Small Company Internship Awards foster mutually beneficial partnerships

February 5, 2020

Assam Alzookery (‘18 B.S.) hired a UM-Dearborn student intern for his small business, Intvo, with funding from the Michigan Economic Development Program.

Assam Alzookery and Stuart Castle
Assam Alzookery and Stuart Castle
Assam Alzookery ('18 B.S.) (left) and Stuart Castle at Intvo’s Ann Arbor Office

Small Business Engagement
Small businesses are major contributors to the strength of the economy in southeast Michigan. The Small Company Internship Award (SCIA) program provides funding to help small businesses hire university students to work as interns on projects that are both beneficial to the company and academically relevant to the student. Thanks to the partnership funded by the Michigan Economic Development Corporation (MEDC), a 1:1 salary match was provided to the companies to hire UM-Dearborn students for an internship.

In the summer of 2019, ten students from across UM-Dearborn were selected to participate in the SCIA program. 

Intvo is a software engineering company started by UM-Dearborn alumnus Assam Alzookery (‘18 B.S.). Intvo aims to understand and predict pedestrian behavior in the context of autonomous cars and fleet- vehicles. One of the barriers to the adoption of autonomous vehicles is the failure of sensor technology to predict human behavior and modify vehicle operation or alert the driver to ensure safety. Intvo breaks down those barriers via image processing and risk analysis. The company accepted UM-Dearborn student Stuart Castle as a SCIA intern this summer. 

The Business Engagement Center had an opportunity to speak with Castle and Alzookery to learn more about their experiences.

Stuart Castle, Intern:

Will you describe what your experience was like interning at Intvo?
I’m a software engineer with the company, my role is to ensure the technology can run on specific hardware, making sure that the algorithm is detecting the right amount behaviors and actions of the pedestrians. I assess whether the risk level is appropriate for certain pedestrian and motor vehicle interactive scenarios. I do this by running a very high level detection algorithm through a model, then run it through different devices, depending on each scenario. I’ve learned to be very innovative in working with the algorithm and how to effectively and efficiently make changes to my work to serve the needs of our clients, while also ensuring safety for the pedestrian and motorist.

How has your experience at UM-Dearborn helped prepare you for your internship?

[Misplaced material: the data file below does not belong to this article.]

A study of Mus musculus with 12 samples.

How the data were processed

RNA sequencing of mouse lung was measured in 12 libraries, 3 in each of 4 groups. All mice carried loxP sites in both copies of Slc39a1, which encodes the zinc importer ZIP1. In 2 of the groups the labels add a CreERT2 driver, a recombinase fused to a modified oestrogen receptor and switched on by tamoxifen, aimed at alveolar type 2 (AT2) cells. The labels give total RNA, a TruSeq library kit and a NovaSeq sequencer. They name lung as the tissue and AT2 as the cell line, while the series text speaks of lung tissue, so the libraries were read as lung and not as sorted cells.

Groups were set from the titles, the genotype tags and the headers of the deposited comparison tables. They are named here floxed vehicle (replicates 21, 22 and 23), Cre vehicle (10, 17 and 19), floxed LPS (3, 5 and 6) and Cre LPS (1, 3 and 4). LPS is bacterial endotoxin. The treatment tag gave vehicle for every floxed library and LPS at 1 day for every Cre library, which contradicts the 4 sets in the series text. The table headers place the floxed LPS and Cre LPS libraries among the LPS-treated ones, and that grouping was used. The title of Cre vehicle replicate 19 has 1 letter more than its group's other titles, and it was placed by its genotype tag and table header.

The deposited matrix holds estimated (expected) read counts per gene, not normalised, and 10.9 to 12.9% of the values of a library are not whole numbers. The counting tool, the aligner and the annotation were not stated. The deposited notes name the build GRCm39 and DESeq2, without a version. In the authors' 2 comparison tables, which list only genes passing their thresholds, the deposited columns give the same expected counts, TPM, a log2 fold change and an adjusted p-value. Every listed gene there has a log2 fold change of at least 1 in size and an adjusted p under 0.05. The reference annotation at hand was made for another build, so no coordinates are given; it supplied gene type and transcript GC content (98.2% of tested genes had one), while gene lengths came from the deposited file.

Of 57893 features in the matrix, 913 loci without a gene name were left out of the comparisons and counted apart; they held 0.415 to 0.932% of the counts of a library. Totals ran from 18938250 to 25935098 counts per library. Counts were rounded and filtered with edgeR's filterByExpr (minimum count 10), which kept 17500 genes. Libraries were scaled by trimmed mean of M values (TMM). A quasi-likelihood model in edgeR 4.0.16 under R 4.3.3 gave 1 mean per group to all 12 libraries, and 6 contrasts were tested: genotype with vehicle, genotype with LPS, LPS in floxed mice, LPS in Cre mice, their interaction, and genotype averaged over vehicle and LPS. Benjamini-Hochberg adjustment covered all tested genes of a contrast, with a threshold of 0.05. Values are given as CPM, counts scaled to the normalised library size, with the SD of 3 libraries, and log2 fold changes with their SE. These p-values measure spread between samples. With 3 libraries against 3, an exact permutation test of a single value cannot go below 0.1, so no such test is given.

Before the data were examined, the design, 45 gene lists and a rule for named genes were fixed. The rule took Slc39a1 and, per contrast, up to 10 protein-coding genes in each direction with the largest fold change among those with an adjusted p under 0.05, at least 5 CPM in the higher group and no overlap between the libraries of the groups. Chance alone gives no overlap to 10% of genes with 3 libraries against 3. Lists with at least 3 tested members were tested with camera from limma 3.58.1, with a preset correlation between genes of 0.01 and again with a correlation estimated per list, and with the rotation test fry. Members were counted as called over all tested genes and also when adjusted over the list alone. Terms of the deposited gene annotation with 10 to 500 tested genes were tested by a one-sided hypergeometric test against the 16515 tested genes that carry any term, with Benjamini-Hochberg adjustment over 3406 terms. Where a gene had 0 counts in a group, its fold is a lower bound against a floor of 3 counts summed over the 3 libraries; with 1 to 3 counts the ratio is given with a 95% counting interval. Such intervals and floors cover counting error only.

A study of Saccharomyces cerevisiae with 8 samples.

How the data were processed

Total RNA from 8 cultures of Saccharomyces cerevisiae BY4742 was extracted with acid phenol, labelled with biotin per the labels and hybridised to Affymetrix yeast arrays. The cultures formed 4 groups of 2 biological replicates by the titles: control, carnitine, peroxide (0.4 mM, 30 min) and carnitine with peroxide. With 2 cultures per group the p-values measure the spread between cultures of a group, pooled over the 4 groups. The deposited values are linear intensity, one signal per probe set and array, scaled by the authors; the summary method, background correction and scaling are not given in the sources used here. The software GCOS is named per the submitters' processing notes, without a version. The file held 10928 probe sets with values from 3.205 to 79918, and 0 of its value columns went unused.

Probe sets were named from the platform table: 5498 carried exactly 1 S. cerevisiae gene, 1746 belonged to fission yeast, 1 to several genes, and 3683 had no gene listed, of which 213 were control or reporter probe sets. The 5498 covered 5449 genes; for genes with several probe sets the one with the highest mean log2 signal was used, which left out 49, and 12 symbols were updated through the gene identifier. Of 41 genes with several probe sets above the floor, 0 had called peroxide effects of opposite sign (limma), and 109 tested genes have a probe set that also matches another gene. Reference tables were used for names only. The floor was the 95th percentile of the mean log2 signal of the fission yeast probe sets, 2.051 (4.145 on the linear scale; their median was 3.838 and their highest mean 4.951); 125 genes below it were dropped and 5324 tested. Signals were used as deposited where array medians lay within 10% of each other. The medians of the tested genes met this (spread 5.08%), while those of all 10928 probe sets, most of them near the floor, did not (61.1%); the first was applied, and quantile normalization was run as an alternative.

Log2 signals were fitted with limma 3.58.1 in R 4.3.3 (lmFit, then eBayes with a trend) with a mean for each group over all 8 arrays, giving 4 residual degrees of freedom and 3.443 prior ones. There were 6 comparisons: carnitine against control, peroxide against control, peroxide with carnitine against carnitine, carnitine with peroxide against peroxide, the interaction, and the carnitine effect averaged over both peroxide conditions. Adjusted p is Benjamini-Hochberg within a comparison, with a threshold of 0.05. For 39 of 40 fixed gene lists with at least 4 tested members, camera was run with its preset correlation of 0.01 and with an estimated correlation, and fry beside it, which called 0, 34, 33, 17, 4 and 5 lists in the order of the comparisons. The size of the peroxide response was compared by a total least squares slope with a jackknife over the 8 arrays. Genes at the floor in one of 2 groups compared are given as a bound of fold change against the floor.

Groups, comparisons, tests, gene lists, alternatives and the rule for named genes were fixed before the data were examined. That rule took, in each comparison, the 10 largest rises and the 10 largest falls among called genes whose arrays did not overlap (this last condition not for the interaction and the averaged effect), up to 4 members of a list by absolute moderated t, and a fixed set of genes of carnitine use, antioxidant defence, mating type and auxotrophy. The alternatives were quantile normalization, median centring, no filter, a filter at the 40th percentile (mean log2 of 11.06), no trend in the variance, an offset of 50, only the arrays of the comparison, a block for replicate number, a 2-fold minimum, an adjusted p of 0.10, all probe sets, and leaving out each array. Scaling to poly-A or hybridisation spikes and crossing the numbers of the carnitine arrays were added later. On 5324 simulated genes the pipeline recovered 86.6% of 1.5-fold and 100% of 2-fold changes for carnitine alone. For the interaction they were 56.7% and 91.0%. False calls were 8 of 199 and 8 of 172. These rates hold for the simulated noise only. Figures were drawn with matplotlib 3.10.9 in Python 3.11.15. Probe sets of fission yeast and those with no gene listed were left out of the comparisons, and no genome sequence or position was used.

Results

The extensive knowledge I learned in programming at UM-Dearborn was crucial in my success at Intvo. I started off as a self-taught programmer before I even took my first class, but UM-Dearborn helped me to understand high level programming languages, like Java and C#. It also allowed me to broaden my professional portfolio and make connections within the software engineering community, and helped me connect with Assam here at Intvo.

Assam Alzookery, CEO and Founder of Intvo:

Talk about what it was like to have a SCIA intern from your Alma Mater?
As an alum, I know how important it is to have opportunities to apply your educational knowledge to the real world. I think Stuart and I were both fortunate to have a lot of diverse opportunities to explore different avenues in the field where we could apply our educational experience. Opening the first door is always the most difficult step in finding a job, and UM-Dearborn has many opportunities for students to open those doors through partnerships the university fosters within the community. I think SCIA is making a really positive impact on not only the students, but the community that pulls from UM-Dearborn’s talent pool. It's a huge benefit to have fresh young minds help shape the company and offer new perspectives and bring the most current industry knowledge to the forefront, and Stuart is a great example of that.  It’s why we’ve offered him full-time employment.

As a UM-Dearborn alumnus, can you describe your experience working with the university from an entrepreneurial perspective?
I knew that if I wanted to find the best programmer, I’d have to go back to my alma mater. At UM-Dearborn, we’re a family, we work together, and we share the same obstacles and the same successes. It’s opened a lot of doors for us to reconnect with the university for collaboration as well as mentorship opportunities in the autonomous vehicle space. I look forward to seeing how we can continue to mutually benefit from one another.